The oldest independent periodical in the field, Composition Studies publishes original articles relevant to rhetoric and composition, including those that address teaching college writing; theorizing rhetoric and composing; administering writing programs; and, among other topics, preparing the field’s future teacher-scholars. All perspectives and topics of general interest to the profession are welcome. We also publish Course Designs—which contextualize, theorize, and reflect on the content and pedagogy of a course—for which detailed submission instructions are here. For those interested in submitting book reviews, please see this page. Cfps, announcements, and letters to the editor are most welcome.
Effective with 41.2, Composition Studies will include a new section called Composing With. This section puts emphasis on the journal’s key word, composition and its active variant—composing. The editor will invite practitioners in various arts and humanities disciplines to describe, in 800-1000 words, their experiences composing with things, rituals, materials, others, states of mind, feelings, memories, physical conditions, nonhuman actants, and environments, among other possible partners. Making conscious the interdisciplinary borrowing that pervades the field of Composition Studies, this section seeks to provoke questions regarding what those of us who teach, administer, and theorize writing might learn from broader discussions of composing. These submissions will be largely narrative, aiming to immerse readers in a particular experience rather than making a traditional academic argument.
Article manuscripts should be no more than 7,500 words and should be previously unpublished. Use current MLA guidelines for format and documentation (see this overview of 7th edition MLA or this more detailed explanation over at Purdue OWL). Submissions should be free of authors' names and other identifying markers, including metadata and institutional affiliation. We accept the following file formats: .doc, .docx, and .rtf.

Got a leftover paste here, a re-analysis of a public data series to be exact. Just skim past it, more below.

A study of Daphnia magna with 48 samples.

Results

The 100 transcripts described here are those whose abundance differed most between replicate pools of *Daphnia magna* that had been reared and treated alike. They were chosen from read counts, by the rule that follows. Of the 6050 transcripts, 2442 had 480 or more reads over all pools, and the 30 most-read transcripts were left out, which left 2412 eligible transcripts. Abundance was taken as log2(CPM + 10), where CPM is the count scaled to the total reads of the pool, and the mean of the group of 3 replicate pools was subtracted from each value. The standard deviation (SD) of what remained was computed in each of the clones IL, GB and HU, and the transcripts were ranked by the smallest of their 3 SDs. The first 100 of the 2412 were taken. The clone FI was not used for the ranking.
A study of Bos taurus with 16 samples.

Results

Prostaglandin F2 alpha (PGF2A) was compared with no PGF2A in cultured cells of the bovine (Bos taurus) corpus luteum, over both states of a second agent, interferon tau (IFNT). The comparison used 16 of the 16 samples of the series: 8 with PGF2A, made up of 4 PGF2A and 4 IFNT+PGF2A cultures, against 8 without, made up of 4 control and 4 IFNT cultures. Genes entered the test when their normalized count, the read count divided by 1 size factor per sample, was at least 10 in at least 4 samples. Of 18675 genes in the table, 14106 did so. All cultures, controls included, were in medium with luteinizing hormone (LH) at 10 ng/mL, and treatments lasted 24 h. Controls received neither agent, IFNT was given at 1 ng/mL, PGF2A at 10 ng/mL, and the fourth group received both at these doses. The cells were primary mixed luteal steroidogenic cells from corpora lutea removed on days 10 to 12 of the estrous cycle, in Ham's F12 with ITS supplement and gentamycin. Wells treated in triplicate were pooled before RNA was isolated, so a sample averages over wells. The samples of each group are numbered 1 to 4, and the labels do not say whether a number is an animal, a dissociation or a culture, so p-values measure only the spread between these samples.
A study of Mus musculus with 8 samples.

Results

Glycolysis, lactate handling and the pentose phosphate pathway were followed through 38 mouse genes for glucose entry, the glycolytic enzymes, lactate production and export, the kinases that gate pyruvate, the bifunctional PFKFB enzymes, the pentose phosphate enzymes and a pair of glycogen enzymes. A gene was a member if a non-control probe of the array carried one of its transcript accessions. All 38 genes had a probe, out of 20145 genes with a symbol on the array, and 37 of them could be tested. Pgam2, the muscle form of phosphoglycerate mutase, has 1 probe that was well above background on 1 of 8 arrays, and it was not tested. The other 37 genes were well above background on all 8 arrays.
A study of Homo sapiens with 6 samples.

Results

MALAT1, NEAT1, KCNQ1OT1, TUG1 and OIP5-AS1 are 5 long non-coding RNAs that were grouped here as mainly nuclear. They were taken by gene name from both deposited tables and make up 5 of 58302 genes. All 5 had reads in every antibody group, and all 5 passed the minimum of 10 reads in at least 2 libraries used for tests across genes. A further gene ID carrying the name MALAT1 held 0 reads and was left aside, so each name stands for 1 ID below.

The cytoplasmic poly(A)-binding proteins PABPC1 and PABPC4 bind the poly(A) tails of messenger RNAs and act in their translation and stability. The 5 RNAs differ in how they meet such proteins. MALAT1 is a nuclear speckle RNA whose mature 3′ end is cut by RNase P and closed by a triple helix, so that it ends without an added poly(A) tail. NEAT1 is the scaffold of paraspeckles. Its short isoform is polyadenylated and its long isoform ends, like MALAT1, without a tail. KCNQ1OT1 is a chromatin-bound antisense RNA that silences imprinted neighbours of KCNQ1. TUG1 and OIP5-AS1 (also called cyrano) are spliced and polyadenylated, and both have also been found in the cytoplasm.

HOW TO SUBMIT
Submission instructions for new and registered users of our system are below.
SUBMISSION INSTRUCTIONS FOR NEW CONTRIBUTORS
Go to http://www.uc.edu/ojs.html, and follow these steps:
- Click the Register link in the navigation menu bar, select “Composition Studies,” and then fill out the form fields. IMPORTANT: be sure to check Author under the “Register as” section. Click on Register.
- You will see a screen entitled User Home. Click on “New Submission” on the right side.
- Select the section to which you are submitting your manuscript from the dropdown menu. Go through the Submission Checklist, and then click Save and Continue.
- Upload your submission file. Click Save and Continue.
- Enter your metadata, including the title and abstract (if your submission is not an article, you may leave the abstract field empty). Click Save and Continue.
- If you have any supplementary files, please upload them. Click Save and Continue.
- If all of your submission information is accurate, click Finish Submission. If you need to go back to correct anything, click on the link for the corresponding step and make your correction. You will receive a confirmation email after completing these steps.
SUBMISSION INSTRUCTIONS FOR REGISTERED USERS
If you are registered as a reviewer for the journal, you will need to enroll as an author in order to submit your manuscript. To change your user enrollment, follow these steps:
- Go to http://www.uc.edu/ojs.html and click the Register link in the navigation menu bar.
- On the next screen, select “Click here if you are already registered with this or another journal on this site.”
- On the Profile page, enter your user name and password and select “Author” where you are asked to “Register as.” If you need to reset your login credentials, you can do so here: https://apps.uc.edu/lin/ojs/index.php/CS/login/lostPassword.
- Follow steps 2-7 above.
Article submissions are screened in-house for appropriateness of content and format and then, if fitting, forwarded to two external reviewers. This process takes approximately six weeks during the academic year. Book reviews and course designs are read and reviewed by the editorial team.